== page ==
Newspapers are dying and professional sports leagues are taking it upon themselves to break news rather than talking to the pesky press. In light of that, what’s to become of Johnny Sportswriter? Why, covering individual athletes! From a recent story in the Wall Street Journal about the Brooklyn Nets Deron Williams:
By all appearances, Deron Williams has enjoyed the trappings of life as an NBA superstar … For most human beings, this would be enough. Not Williams, whose wide-ranging list of accomplishments and assets includes something extraordinary, unique even among pro athletes: He employs his own team of beat writers. Their mission? Spread the gospel of D-Will on his website, DeronWilliams.com.
Seriously: Williams employs his own beat writer to provide daily news updates on his website. Granted, its run by Williams and his agents/managers, so it’s not like this is “news” as we know it, but it is different than, say, an athlete updating social media sites or a publicist offering press releases. These are bylined stories that read like newspaper reports.
We live in a world where the message is being increasingly sculpted, crafted and controlled, even when the news goes out through independent media. In light of that, it’s not necessarily shocking that such a thing is happening, even if it is somewhat depressing. I would not be at all surprised if we see several other athletes following suit soon and, eventually, this becoming the new normal.
Sam Miller of ESPN has an amazingly fantastic story today. It’s about a high school tournament baseball game in Rhode Island in 2006. It’s not your typical game story or oral history or look-to-the-past-to-see-the-future kind of thing. The only nod to such conventionality is mention of the fact that former Red Sox prospect Ryan Westmoreland played in the game. That’s mostly a footnote.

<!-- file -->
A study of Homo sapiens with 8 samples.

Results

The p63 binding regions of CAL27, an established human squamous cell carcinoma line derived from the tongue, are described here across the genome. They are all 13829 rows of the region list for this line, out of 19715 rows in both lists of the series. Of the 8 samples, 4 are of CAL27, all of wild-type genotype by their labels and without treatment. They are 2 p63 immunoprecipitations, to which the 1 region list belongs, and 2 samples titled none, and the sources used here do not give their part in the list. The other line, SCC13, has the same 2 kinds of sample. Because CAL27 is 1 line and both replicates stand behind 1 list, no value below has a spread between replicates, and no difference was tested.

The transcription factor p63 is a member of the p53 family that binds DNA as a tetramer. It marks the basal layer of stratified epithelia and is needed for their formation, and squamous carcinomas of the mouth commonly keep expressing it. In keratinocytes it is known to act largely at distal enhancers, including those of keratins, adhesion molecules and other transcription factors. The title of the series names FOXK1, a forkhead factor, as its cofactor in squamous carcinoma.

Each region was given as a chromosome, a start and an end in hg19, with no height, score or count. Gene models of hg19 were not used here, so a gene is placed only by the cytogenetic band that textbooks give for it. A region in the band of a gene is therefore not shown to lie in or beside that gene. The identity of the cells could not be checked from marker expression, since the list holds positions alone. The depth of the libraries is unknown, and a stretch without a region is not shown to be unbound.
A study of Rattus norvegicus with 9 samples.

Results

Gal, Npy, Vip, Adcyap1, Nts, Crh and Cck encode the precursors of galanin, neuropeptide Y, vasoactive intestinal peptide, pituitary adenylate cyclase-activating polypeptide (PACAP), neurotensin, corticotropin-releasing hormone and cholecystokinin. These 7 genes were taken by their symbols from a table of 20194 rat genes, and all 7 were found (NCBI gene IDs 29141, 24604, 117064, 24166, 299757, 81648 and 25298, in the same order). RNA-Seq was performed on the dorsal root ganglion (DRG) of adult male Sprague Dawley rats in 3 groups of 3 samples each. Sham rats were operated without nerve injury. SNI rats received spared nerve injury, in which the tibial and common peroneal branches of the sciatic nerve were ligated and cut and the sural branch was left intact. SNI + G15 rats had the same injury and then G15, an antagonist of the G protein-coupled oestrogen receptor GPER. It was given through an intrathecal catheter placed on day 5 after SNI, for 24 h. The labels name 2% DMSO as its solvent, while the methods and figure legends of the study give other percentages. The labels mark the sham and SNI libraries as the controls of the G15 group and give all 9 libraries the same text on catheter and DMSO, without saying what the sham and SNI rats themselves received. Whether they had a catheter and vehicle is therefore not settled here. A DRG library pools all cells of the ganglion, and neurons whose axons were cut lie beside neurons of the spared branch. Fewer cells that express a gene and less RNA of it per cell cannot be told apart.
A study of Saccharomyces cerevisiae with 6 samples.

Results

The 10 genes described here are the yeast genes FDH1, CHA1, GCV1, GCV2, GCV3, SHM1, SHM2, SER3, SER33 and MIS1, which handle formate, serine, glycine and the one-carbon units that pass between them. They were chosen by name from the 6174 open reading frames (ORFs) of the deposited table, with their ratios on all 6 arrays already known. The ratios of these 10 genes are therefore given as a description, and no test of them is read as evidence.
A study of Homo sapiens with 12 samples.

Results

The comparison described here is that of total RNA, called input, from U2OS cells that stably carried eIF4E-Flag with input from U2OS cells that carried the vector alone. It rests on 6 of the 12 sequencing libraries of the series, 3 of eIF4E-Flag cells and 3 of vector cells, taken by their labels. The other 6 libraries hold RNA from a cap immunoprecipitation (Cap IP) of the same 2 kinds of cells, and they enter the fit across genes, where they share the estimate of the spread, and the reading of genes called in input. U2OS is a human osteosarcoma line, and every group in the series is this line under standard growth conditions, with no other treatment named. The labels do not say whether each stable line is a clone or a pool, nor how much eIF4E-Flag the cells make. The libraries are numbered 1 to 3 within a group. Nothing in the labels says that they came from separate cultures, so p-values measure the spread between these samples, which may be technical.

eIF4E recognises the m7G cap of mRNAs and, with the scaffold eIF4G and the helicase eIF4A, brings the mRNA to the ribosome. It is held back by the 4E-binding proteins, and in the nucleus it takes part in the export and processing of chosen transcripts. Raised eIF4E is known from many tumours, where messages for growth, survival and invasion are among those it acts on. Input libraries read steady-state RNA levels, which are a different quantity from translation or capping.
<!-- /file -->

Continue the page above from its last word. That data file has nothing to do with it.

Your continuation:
No, the article is about a trick play — “skunk in the outfield” — concocted by one of the coaches. About how it played out and what went into it before, during and after it happened. Along the way Miller talks about the nature of trick plays and offers a good three dozen amazing insights into the psychology of young baseball players and the strategy of baseball as it unfolds in real time.
Each of these observations could anchor its own story but here they form a grand mosaic. And that’s only mild hyperbole, if in fact it’s hyperbole at all. Indeed, most treatments of such a play would be some video clip with a “wow, look what happened here!” sort of couching. Miller gives a more than ten-year-old trick play an epic treatment that is every bit as enlightening as it is entertaining.
Set some time aside to read this today.
This is unfortunate: Diamondbacks reliever Rubby De La Rosa will undergo Tommy John surgery. This will be the second Tommy John procedure of his career, the first coming back in 2011.
De La Rosa has had elbow issues for his entire career. Last year his UCL was barking again and he underwent stem cell therapy to try to avoid a second surgery, but it obviously hasn’t worked out. He’s pitched in only nine games this year, allowing four earned runs in seven and two-thirds innings, striking out 12.
I first saw De La Rosa in spring training in 2011. I thought his stuff was pretty phenomenal and figured he’d be a good one. Great stuff is often a function of heavy strain on an elbow, however, and pitchers breaking is, unfortunately, the rule in baseball far more than the exception.
He’ll miss a year at least. We likely won’t see him until spring of 2019, most likely on a minor league deal.